The sorry side of the upswing in construction and why posturing politicians got it wrong again

The sorry side of the upswing in construction and why posturing politicians got it wrong again

For me there’s something dreadfully sad about the timing of the Government’s announcement that it is backing £36 billion worth of planned investment for 2014 and 2015.

It will, say the Prime Minister and Chancellor of the Exchequer, support 150,000 construction jobs.

This should be greeted with unfettered joy. But I’m afraid I can’t see it that way.

How do I see it?

Well imagine Government leading a construction industry motorcade, ignoring the road ahead, too busy scanning the crowd for adoration, unaware when to use the accelerator, the brake, or for that matter the gears. Behind all is in chaos.

A tortured metaphor, but hopefully you get the drift. Leaders should lead not preen and posture.

The right time to invest in construction was when industry output plunged and remained low. The Government suggested such spending then would upset the international money markets. Rubbish. Even in the extremely unlikely case that a well-judged increase in capital spending had annoyed these folk, it would have been worth doing in the long run.

There were warning calls: spend on construction or lose a generation of construction workers, professional and trade. Strong arguments were made: the taxpayer would get bargains if it spent more on construction in a recession.

The Government didn’t spend more on construction. It cut. The Construction Products Association estimate publicly-funded construction output, including PFI, fell 14% from 2010 to 2013 where it sat 27% below the pre-recession level. The industry lost a generation of professionals and skilled trades.

Now, conveniently timed before the General Election you might think, the Government parades its spending prowess and how it is “helping hardworking people and backing business with investment in better infrastructure”.

Good timing? For whom I wonder.


Today what do we see? Yet another trade survey reveals the strains of an industry desperately trying to fill the gaps created by a prolonged and deep recession (see graphs).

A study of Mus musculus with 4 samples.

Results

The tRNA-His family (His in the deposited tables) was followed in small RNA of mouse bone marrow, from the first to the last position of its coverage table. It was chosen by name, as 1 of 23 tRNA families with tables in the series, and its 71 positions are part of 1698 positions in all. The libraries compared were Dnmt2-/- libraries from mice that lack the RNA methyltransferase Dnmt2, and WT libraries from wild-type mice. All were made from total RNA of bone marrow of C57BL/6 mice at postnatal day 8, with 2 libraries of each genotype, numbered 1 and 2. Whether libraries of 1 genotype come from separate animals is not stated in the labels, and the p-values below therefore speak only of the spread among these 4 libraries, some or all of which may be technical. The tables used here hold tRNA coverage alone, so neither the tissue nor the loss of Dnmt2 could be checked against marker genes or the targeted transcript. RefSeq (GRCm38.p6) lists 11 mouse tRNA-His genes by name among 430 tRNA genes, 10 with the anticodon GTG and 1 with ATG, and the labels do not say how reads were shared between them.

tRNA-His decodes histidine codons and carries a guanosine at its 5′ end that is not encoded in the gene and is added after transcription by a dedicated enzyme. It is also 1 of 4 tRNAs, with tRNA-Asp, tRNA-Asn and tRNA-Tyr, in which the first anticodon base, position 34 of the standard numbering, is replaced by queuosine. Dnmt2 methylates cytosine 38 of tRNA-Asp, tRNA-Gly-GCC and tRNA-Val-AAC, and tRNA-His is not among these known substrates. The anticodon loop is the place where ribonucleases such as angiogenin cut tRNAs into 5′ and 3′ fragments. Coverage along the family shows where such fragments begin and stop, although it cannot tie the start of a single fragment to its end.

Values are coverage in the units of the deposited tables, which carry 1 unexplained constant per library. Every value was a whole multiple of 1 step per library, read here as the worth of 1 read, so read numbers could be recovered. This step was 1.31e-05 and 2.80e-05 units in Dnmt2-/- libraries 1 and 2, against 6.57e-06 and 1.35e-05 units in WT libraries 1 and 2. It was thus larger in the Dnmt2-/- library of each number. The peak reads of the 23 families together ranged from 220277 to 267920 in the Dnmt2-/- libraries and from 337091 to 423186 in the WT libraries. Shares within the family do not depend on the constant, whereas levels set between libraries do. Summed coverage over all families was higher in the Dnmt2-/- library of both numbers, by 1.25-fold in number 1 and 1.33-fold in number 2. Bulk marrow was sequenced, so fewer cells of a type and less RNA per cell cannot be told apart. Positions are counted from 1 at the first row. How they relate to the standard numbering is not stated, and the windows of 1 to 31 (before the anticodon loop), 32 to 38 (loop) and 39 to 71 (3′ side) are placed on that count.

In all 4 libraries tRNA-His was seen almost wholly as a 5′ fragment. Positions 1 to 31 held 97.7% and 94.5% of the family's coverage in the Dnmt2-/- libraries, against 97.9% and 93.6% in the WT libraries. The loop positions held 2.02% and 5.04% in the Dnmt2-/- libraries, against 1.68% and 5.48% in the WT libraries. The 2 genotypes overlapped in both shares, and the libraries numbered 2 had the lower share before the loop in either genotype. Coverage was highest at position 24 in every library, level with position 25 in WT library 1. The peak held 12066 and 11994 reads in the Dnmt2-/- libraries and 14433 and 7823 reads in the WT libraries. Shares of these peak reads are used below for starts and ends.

The indicator of expansion used by the surveyors’ body RICS is a balance of those seeing growth against those seeing contraction in workload over the past three months.

It has hit a series high of 43. It’s the highest for 20 years. In the relative boom years before the crash the highest was 33, in the summer of 2004.

And the effect: rapidly rising input and outputs prices; rapidly rising skills shortages.


Given that we most likely have yet to experience the full force of this upswing, there is every reason to expect these problems will increase. And fast.

For businesses and for the workforce this is great news. More work, more turnover, bigger margins, more profit, more pay.

But for clients, is the sudden surge in work a good thing? More cost, more delays, more uncertainty and the risk of lower quality.

There’s a further rather twisted irony, given the Government’s wider political priorities. Where will we find the 150,000 skilled folk to fill the jobs created over 2014 and 2015 by this investment? Increased immigration?


It is absurd that the industry should be expected to go from famine to feast so swiftly, yet again. This is not the sign of a “well-run economy fixing the roof while the sun is shining”.

Construction should be seen and should have been seen as investment not consumption. Build now and build sensibly for the nation and you have it for many years ahead. Build now for the nation and your economy should run more smoothly. Build for the nation in a recession and it will cost you less in the long run. Build for the nation in a recession and you will preserve the skills you will desperately need when things improve.

When the private sector is steady on its feet again you can build for the nation a little less, having already put in place much of what you need. This will help to avoid overheating and skills shortages and uncertainties and rampant price rises. And it will cost the taxpayer less.

This is not knew wisdom.

It was wisdom ignored.

Now the consequence of this folly must be managed carefully if we are not to further damage the long-term future of the construction industry.